Kamis, 17 April 2008

WASHINGTON - Verizon Wireless picked up coveted wireless airwaves at a recent auction held by the Federal Communications Commission, which imposed certain consumer-friendly provisions on how that network can be used and what it will it eventually look like.

The open-access rules don't exactly guarantee open access to anyone with a phone, so here a few questions consumers might have about what the network does mean to them.

Q. Why the hubbub over an open-access wireless network?

A. Public interest groups and some companies say a true open wireless network would essentially resemble the Internet. Any device, application or service can be used on the network without any company restricting access. Theoretically, there would be greater competition and innovation.

Q. Did the government sell some wireless airwaves with open-access conditions?

A. Yes, there are some conditions on about a third of spectrum that Verizon Wireless, a joint venture between Verizon Communications Inc. and Vodafone Group PLC, recently won. In this case, any device and application can run on the network as long as certain, as-yet undetermined specifications are met and the network isn't harmed. Another condition requiring the winner to lease airwaves to other providers who can provide high-speed Internet service was not included.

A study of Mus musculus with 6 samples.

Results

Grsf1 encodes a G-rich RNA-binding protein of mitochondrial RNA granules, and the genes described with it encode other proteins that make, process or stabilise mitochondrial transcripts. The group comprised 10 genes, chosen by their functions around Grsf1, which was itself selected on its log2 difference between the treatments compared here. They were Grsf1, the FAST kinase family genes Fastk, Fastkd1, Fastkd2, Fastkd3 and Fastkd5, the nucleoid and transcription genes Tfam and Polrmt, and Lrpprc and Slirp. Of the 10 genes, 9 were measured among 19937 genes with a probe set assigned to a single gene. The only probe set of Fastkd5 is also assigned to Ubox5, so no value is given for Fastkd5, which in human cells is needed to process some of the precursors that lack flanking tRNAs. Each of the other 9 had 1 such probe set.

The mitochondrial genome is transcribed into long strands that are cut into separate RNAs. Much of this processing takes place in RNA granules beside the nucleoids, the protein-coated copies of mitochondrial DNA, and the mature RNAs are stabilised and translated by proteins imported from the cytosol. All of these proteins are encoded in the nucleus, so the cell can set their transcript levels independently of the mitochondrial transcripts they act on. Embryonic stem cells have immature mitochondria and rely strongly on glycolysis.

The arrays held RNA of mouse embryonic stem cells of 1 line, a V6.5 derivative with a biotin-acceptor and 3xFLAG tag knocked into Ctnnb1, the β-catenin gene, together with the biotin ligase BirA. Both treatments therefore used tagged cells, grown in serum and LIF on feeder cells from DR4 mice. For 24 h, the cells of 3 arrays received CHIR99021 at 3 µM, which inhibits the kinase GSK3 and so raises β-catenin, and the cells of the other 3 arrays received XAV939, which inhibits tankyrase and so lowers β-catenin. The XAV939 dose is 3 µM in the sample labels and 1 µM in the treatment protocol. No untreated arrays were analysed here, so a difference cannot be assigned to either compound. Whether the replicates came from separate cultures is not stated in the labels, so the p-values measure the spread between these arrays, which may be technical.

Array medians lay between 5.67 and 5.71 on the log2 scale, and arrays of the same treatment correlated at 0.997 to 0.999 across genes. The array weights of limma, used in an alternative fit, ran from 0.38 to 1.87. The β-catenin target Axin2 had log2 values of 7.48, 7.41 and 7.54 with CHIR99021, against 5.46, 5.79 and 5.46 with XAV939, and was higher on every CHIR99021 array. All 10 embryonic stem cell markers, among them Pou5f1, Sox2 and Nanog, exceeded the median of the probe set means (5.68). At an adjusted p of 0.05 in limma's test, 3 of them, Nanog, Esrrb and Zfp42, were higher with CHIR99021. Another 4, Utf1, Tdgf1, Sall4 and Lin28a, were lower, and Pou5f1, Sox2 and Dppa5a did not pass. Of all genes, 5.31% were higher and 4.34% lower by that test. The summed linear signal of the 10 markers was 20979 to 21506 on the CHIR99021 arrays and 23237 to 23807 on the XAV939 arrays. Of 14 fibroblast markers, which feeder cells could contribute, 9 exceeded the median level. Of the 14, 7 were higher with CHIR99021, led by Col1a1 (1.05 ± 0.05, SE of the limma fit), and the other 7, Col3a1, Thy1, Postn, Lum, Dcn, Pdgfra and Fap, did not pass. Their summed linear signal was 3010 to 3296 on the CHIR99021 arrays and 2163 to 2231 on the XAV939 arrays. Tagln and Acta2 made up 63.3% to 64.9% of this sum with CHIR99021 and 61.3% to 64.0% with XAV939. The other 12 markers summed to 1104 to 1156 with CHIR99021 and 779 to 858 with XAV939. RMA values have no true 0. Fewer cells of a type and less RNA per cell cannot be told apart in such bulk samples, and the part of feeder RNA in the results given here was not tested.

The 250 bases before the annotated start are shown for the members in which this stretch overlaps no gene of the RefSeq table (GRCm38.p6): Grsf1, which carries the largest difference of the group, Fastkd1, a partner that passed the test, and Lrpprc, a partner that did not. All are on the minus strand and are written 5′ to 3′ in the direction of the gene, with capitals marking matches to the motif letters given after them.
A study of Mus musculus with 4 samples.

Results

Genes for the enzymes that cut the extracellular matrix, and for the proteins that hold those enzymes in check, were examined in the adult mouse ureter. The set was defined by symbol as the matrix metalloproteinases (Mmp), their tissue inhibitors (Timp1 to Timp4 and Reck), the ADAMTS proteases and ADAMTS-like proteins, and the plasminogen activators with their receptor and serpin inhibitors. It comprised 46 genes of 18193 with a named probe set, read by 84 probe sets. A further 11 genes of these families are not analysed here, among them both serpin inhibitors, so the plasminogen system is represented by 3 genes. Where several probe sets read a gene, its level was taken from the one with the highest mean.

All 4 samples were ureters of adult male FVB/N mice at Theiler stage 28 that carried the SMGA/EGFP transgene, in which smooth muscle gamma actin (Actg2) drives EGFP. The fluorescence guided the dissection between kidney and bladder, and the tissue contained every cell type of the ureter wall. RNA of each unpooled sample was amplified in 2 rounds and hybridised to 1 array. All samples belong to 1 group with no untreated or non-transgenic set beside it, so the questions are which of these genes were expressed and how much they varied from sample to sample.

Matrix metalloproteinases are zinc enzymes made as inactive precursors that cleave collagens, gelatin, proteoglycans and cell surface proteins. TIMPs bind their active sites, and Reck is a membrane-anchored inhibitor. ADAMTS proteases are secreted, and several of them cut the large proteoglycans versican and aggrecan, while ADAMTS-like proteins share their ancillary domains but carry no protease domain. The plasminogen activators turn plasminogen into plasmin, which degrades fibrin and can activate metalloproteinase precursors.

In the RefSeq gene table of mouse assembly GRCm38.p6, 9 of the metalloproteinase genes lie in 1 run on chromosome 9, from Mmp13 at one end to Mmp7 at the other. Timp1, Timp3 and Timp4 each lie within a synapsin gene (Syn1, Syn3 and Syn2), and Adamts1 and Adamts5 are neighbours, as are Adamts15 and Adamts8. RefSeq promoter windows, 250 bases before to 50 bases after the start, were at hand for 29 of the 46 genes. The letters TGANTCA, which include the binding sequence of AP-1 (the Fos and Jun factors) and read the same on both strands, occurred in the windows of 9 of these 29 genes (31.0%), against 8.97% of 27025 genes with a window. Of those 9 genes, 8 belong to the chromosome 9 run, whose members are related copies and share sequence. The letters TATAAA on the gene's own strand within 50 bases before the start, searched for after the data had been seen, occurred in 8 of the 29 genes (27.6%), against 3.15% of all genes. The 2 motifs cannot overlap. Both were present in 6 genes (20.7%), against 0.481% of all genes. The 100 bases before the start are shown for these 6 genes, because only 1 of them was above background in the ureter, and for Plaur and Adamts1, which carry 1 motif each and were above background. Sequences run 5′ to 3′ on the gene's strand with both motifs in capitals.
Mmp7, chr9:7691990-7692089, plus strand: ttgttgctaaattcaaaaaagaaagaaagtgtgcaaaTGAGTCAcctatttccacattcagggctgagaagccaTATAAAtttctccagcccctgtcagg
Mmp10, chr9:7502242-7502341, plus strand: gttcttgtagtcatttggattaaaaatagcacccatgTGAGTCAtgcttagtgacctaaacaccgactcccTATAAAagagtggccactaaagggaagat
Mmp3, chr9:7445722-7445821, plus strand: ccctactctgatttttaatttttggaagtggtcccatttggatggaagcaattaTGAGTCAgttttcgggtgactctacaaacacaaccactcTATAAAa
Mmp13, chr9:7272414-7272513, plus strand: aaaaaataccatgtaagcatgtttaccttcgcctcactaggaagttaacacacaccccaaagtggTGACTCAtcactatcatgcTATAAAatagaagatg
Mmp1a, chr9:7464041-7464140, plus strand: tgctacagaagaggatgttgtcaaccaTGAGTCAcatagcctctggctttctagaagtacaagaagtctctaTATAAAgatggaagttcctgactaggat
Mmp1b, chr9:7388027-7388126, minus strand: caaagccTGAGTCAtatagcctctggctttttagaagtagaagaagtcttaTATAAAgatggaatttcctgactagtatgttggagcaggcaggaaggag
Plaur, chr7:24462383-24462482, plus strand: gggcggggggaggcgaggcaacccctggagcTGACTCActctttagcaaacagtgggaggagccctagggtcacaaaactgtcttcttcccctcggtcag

Q. Why are these airwaves so valuable?

A. These airwaves are located in the 700 MHz spectrum and are especially coveted because they can travel long distances and penetrate walls. The spectrum is being freed as part of the switch to digital television in February 2009.

Q. When will this network be built?

A. Most analysts and other experts believe consumers will see an open access network in two years in some major cities although they said it's unclear how long it would take to expand it -- possibly up to 10 years.

Q. If I have a Sprint Nextel Corp. or AT&T phone now will I be able to use it on Verizon's new open network?

A. No. The phones run on different technology platforms in the United States.

Q. Will Apple Inc.'s iPhone work on this network?

A. The iPhone only works on AT&T's network.

Q. If I'm already a Verizon Wireless subscriber, will the company allow me to switch to the open network?

A. That's a business decision for Verizon Wireless.

Q. How much will it cost to get on the network?

A. That's another business decision for Verizon Wireless.